Saturday, May 11, 2013


What does it mean to be an adult? I have been pondering this question as I have been muddling through some sort of pre-mature quarter life crisis. Or very mature, depending on how you look at it. I have been reading a hilllariousss book called Adulting by Kelly Williams Brown. I was drawn to it based on the fact that I love it when people make up words, and can make me laugh while at the same time instilling me with valuable life lessons and things.  Although I feel like I am struggling through a couple of things I don't feel the need to whack a look at me sticker on (if it isn't enough that I am here blogging instead of doing homework) , here are some things that have helped me transition from spastic teenager to young adult headed somewhere good probably.

1) Realize that the more you like your choices, the less important it is for other people to like them. Just  "unapologetically like the things that you like", because "those who mind don't matter, and those who matter don't mind". If it feels like I am stringing together large amounts of inspirational quotes without giving credit to the author, you are correct because that is what is happening.

2) Live intentionally. Make to-do lists. Have a plan. I have a vision of what I want the decor for my house to be, and I don't care if it sits bare for 3 years as long as the end result is "the vision". Sometimes on my to-do lists, I put things that I am definitely going to do anyway, like eat breakfast, so that you can check it off and feel good about yourself right off the bat. You can do it!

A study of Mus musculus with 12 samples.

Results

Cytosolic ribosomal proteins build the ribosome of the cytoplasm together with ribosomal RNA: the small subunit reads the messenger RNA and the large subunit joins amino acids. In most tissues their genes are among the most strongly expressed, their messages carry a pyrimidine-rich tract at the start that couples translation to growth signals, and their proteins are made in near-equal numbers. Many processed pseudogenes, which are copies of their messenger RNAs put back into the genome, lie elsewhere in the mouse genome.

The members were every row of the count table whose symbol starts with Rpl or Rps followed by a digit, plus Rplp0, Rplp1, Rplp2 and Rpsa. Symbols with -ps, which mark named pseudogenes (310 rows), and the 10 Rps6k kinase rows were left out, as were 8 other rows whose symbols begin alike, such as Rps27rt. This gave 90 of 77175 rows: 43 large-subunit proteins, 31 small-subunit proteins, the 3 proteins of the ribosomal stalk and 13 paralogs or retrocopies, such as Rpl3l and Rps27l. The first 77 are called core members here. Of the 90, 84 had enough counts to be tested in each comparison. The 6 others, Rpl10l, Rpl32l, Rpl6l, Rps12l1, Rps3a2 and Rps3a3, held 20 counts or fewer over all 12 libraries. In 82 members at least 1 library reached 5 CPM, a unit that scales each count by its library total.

3) Define the "somedays" and the "i'll do it laters". This is tough. When I say to myself, "oh i will do it later", I have been making a conscious effort to schedule that later, and usually that is a bugger, so I end up just doing that thing right then.  When is your someday? When is later?

4)  Save your money. Again, something that I have not perfected. At all. Never take advice about finances from me. Take it from my hubby,  I do.  But lately I have been trying to convince myself  ( thanks to hub man) that "All you need is less". Because guess what, a dollar saved is a dollar, and a dollar earned ( after taxes & tithing) is about 60 cents. 60 Lowly cents people. Save your cents.

Again. I am no authority on maturosity or practices of highly effective individuals, even though I have read that book, too- I am just on my way to being a person who doesn't startle their coworkers by arriving to work on time.